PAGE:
Published: April 3, 2018
Review and Photos by Tom O’Hara
ATLANTA – Don Scott’s crew continues to fill his two huge buildings – the Atlanta Expo Centers, North and South – each and every month consisting of more than 2,500 booths overflowing with antiques, home décor and vintage collectibles. In an interview, Don said, “I have been seeing exciting times with great antiques; quality antiques offered in our shows more and more each month and selling at very reasonable prices!”
These remarks came while he was sitting in one of a set of six mahogany Chippendale period chairs found by a dealer at his show in January and now being offered at this March 8-11 show. The current owner was offering the set for less than $2,000, which, in Don’s opinion, proved his point. He added, “Investment-grade antiques are showing up every month at this show and also in my Ohio shows, ready to go into shoppers’ homes – furniture, accessories and more!”
Confirming Don’s comments were the exhibits of his dealers, both those who have been with him for many years and some that have just joined the show recently.
Thomas Hoke, a regular for many years, was selling well over the weekend from his collection of Georgian period English furniture and also French furniture from the early Nineteenth Century. The dealer from Salisbury, N.C., shops estates in his home area, but also takes trips to France and England for his collection to have to best selection at affordable prices. His sales this weekend included several tables, a small chest and various accessories.
Victorian Rose is Kathy Tarr’s business: Nineteenth and early Twentieth Century Limoges, Shelley and other fine china. This month she had a great deal of fun selling from her collection and she said it was one of her best weeks there ever. In fact, one customer gathered up about a dozen Shelley cups and saucers from the collection, and there was more before the weekend was over for this Wenham, Mass., dealer.
Probably the oldest antiques in the show this weekend were those offered by Michael Perez. The Gainesville, Fla., dealer specializes in the artifacts from Asia Minor and the Eastern Mediterranean areas going back 1,000 or more years. While he does not get to find them in the ruins himself, he does search and trade to be able to offer these ancient relics. This month among the objects in his collection were a Persian bowl from about 800 CE with its original glaze; a Lorestan bronze object he believed to be a rhyton, probably from about 1000 BCE and, finally, a stone jar dating to about the time of Christ but of uncertain origin.
Back to the more typical was Chelsea Hill Antiques, Hampton, Conn., selling up a storm. Tom Nagy, the owner, said he sold several tables from the Eighteenth Century, a Chippendale secretary, a stand from American dating to about 1700 and several paintings he believed were European.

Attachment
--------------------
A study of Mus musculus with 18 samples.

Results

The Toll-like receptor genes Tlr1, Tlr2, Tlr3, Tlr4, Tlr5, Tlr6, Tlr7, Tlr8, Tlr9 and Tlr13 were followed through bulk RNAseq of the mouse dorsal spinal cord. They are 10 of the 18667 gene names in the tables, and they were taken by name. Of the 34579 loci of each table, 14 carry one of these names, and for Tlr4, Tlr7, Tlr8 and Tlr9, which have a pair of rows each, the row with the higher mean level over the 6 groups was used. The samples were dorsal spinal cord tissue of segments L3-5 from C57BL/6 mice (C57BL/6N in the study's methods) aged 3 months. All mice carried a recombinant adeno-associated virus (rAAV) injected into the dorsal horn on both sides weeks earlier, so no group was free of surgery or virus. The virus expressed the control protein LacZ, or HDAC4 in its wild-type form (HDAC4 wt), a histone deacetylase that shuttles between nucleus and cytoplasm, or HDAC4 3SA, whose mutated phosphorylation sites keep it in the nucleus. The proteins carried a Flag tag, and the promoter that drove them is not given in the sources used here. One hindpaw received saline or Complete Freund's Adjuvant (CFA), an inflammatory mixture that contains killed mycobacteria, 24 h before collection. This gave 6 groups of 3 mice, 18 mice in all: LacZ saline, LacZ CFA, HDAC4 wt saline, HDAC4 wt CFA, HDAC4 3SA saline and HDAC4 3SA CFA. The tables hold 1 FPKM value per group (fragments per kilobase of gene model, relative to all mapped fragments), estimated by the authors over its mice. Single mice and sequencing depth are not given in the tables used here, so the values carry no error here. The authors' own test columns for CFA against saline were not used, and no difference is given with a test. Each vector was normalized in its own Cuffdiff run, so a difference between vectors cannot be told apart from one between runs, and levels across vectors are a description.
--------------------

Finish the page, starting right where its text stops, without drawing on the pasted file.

English furniture was the primary seller for Status Symbol, a Lynchburg, Va., antiques dealer and auctioneer. In addition to furniture, the dealer also offered some Nineteenth Century garden ornaments, in particular, a pair gargoyles that definitely were not happy fellows.
Woody Straub was also having a good time with his collection. He does the show virtually every month and so looks hard for pieces that are especially appealing for the Atlanta and Georgia clientele. This month he offered a sideboard from Bibb County, Ga., circa 1830, along with his typical assortment of American Eighteenth Century furniture and Nineteenth Century art.
Richard Purvis, Raleigh, N.C., loves to find fun pieces, something to startle the shoppers. This month it was a carved Native American figure, which he said probably was not old enough to have been made for a cigar store, but it was in any case some sort of sales prop.
Collections of English and Asian earthenware are still popular for Tennyson Antiques. This Atlanta dealer is there each month with an extensive collection of Staffordshire transferware, Chinese export and more and sells well – the “go-to” dealer in the show for this collecting category.
Southern Classic Jewelry, Atlanta, has a shop in the downtown Mart but also does shows all over the United States. The business’s collection is estate jewelry, typically pieces that come from area homes and that have been made and modified from family heirlooms. One such piece was a cameo necklace; the cameo itself was Victorian, reframed with more than 2 carats of diamonds surrounding it, and a 14K gold watch chain as the necklace.
More dealers offer later décor as well. Kemp Hickey, Atlanta, was showing and selling Midcentury home furnishings in his display. He has been featuring interesting lighting made from other objects that have become accent pieces.
Hoot-Nana Antiques, Paris, Ky, is among the comparative newcomers to the show, but certainly not to the business. The dealer has been active in shows for more than 20 years in the Mid-Atlantic, only just recently coming to Scott’s Atlanta show. The firm’s collection is dominated by late Eighteenth and early Nineteenth Century American furniture with an emphasis on Southern. The preference is for hardwood pieces rather than country style, but there was an excellent Southern pie safe on offer this month.
Sulaymane Berete brought his collection of antique African art to the show. He said the shields originated as protection and defensive weapons in African wars and were also used for ceremonial activities, but now they are highly prized for their art.
Variety is one of the principal attributes of this monthly show, with a slightly changing look each time. The next Scott Antique Market Atlanta is April 12-15 and that is generally considered the beginning of the spring markets, with more outdoor exhibiting of antiques and decorator accessories.
For additional information, www.scottantiquemarket.com or 740-569-2800.